In a much-needed boost to the Greek government’s calls for lower primary surplus targets, outgoing International Monetary Fund chief Christine Lagarde, who is expected to assume the top job at the European Central Bank, said Wednesday that the 3.5 percent primary surplus target was “excessive” and put too much pressure on the country’s recovering economy.
Lagarde, who has been nominated to succeed Mario Draghi, told the European Parliament’s committee on economic affairs that targets should be “carefully reviewed.”
Emphasizing that she was still speaking as head of the IMF and that her opinion on the matter was personal, Lagarde made the comments in response to a reporter’s question on the extent to which she would continue to defend that view on primary surplus targets from her new post at the ECB.
She noted that the IMF’s expressed stance on the matter was that the primary surplus target should be a maximum of between 1.5 and 2 percent of gross domestic product.
The comments were well received in Athens. “It appears that a positive dynamic is being created in the desired direction by leading circles of the institutions,” Finance Minister Christos Staikouras said, using the collective term for Greece’s creditors. He reiterated that the government’s main aim is to reduce the 3.5 percent primary surplus target agreed by the previous SYRIZA administration.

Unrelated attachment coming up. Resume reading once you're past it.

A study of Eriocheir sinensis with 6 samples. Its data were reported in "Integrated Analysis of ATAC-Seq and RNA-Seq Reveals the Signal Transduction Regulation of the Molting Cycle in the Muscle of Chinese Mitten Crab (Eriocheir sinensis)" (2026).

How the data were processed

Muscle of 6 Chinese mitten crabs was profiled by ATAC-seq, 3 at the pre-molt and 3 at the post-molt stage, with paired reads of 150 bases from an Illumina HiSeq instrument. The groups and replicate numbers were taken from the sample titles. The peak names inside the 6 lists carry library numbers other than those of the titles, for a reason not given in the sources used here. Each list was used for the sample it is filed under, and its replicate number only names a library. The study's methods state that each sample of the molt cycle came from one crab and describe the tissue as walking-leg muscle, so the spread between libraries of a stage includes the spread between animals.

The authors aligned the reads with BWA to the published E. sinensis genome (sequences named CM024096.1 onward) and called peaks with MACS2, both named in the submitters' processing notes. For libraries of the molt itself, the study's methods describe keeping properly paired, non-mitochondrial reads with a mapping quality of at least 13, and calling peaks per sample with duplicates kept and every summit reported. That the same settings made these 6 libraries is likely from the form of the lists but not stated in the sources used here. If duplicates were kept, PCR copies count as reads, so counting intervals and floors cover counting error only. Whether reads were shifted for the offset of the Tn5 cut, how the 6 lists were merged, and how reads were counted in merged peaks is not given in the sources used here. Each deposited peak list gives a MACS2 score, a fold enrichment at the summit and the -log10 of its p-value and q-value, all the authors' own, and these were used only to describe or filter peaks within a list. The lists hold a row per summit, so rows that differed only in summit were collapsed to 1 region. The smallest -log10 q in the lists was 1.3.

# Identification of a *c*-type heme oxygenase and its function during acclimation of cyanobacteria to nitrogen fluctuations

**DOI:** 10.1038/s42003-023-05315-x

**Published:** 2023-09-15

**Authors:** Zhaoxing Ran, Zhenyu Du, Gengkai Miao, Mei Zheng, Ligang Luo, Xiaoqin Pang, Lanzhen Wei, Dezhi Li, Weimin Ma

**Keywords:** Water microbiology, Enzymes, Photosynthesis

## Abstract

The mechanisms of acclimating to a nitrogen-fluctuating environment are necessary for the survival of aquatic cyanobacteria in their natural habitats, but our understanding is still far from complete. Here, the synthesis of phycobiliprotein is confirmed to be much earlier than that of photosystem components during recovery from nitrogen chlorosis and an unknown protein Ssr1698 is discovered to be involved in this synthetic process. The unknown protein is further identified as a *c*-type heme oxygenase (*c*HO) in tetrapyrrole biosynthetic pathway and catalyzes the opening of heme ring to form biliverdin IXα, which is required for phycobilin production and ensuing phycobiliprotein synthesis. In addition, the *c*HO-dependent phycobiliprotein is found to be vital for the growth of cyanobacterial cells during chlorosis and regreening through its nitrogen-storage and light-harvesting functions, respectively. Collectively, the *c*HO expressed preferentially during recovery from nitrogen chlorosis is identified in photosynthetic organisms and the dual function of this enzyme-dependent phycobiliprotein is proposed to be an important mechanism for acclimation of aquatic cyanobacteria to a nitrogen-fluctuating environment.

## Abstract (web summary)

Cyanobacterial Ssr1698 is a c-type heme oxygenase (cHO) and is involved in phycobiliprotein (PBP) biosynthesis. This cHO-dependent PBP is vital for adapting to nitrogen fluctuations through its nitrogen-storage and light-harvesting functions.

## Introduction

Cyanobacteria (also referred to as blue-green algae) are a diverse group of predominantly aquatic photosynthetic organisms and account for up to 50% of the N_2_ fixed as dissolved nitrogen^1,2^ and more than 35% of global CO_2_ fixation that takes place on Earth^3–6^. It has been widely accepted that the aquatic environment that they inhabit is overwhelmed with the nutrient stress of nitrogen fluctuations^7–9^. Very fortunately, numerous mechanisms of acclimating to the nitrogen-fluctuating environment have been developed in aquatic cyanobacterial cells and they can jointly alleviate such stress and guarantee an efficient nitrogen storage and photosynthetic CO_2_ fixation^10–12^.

Prime Minister Kyriakos Mitsotakis has been lobbying foreign leaders to back the lowering of the targets for Greece as he tries to boost growth. As the SYRIZA government had agreed to 3.5 percent targets for this year and next, he has been pressing for a reduction after that.
Meanwhile Greek officials have floated the idea of the country including the return of European central banks’ profits from their Greek bond holdings in next year’s budget revenues in order to ease the primary surplus burden.
The issue is expected to be discussed by representatives of eurozone finance ministry officials at some point but it remains unclear what their stance will be as the revenue is not unconditional but linked to the completion of economic reforms by Greece.